A hidden problem
Corrosion under insulation (CUI) is an insidious form of corrosion caused by water entrapped within thermal insulation. In hot services, carbon steel pipes, tubes, and pressure vessels operating up to 175 °C may experience CUI; while those made of austenitic and duplex stainless steels might experience CUI between 50 and 175 °C. The presence of thermal insulation and jacketing slows down water evaporation and prolongs the wetting period. As a result, corrosion proceeds undetected.
The hidden nature of the CUI often makes accurate inspection and monitoring difficult. Usually, the detection of CUI can be too late; hence, resulting in disastrous outcomes such as leakages, loss of containment, and even fire and explosion. A study has shown that the petrochemical industry spends approximately 10% of the maintenance and repair budget for piping systems and pressure vessels in CUI alone.
The role of water and chlorides
The presence of water and corrosive species such as chloride ions are important factors determining the likelihood of CUI. Creating a water-tight system to avoid CUI is proven to be unreliable. Water eventually reaches the steel surface, creating an electrochemical corrosion cell with oxygen reduction being the dominant cathodic reaction. Therefore, designing insulated systems that do not retain water but instead facilitate the insulation to dry out can be the first step in mitigating CUI.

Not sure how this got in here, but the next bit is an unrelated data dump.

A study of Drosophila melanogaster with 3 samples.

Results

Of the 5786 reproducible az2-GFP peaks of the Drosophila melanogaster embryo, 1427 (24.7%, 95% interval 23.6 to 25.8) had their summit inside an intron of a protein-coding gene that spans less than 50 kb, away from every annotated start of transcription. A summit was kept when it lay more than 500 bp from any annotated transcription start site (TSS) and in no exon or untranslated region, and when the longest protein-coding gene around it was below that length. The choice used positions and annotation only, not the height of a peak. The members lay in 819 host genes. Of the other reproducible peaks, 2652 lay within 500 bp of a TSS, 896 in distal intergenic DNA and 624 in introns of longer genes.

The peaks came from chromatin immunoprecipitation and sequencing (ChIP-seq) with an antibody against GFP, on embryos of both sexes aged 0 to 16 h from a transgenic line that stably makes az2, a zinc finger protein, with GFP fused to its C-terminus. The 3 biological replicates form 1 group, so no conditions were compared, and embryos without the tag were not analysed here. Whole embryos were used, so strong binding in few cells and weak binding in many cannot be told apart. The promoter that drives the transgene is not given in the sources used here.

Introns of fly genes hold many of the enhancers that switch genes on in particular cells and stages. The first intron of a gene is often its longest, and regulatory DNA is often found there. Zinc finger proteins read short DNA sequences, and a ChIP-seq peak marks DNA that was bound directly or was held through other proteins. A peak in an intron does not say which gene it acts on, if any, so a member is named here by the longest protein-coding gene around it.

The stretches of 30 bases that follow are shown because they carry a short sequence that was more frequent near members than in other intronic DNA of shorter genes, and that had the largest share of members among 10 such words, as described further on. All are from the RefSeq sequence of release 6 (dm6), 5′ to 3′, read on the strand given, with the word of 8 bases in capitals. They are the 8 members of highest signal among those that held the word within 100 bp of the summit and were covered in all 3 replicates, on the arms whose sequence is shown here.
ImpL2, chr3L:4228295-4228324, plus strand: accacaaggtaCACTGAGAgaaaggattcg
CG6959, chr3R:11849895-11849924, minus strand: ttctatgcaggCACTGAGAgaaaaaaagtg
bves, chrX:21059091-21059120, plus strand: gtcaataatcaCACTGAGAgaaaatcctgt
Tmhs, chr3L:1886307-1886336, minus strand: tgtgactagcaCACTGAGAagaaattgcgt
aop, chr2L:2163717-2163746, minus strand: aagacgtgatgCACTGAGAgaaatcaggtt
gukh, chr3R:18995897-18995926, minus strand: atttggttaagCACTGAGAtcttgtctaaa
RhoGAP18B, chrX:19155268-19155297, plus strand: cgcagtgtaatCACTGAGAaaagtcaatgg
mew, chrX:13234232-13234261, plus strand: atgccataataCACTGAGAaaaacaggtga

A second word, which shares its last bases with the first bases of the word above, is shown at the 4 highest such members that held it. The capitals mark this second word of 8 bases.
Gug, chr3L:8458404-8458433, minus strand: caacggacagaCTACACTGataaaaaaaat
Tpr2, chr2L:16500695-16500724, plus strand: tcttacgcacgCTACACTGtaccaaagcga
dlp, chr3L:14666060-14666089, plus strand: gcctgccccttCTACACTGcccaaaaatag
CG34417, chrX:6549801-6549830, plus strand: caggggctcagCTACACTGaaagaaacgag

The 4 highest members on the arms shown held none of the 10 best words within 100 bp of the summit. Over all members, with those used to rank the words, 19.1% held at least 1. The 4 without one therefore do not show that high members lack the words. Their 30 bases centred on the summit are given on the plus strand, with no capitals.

Further, CUI can be promoted by the presence of inherent chloride ions leached from the insulation or the external environment. Long-term exposure to high temperature may increase leachable chloride contents in certain insulation materials.
CUI manifests in various forms. Severe localised corrosion was found on bare carbon steel surface simulating areas with degraded coatings. On stainless steels, particularly austenitic grades, external stress corrosion cracking has been reported.
CUI research at Curtin
Curtin Corrosion Centre actively engages with industry on CUI studies. We investigate both the mechanism and the parameters that influence CUI. Additionally, we explore various promising CUI mitigation strategies, such as the appropriate selection of insulation materials, the use of high-temperature protective coatings, and chemical treatments.
Our experienced researchers and engineers have developed test protocols to study CUI in line with relevant industry guidelines; for instance, %water absorption, leachable ions contents, corrosion rate determined by weight loss, localised corrosion characterisation by 3D profilometry, in-situ monitoring for corrosion and insulation dry-out using electrochemical methods, and corrosion products characterisations. Access to advance corrosion test facilities enables the in-depth analysis of CUI mechanism, which further provides insight into CUI mitigation.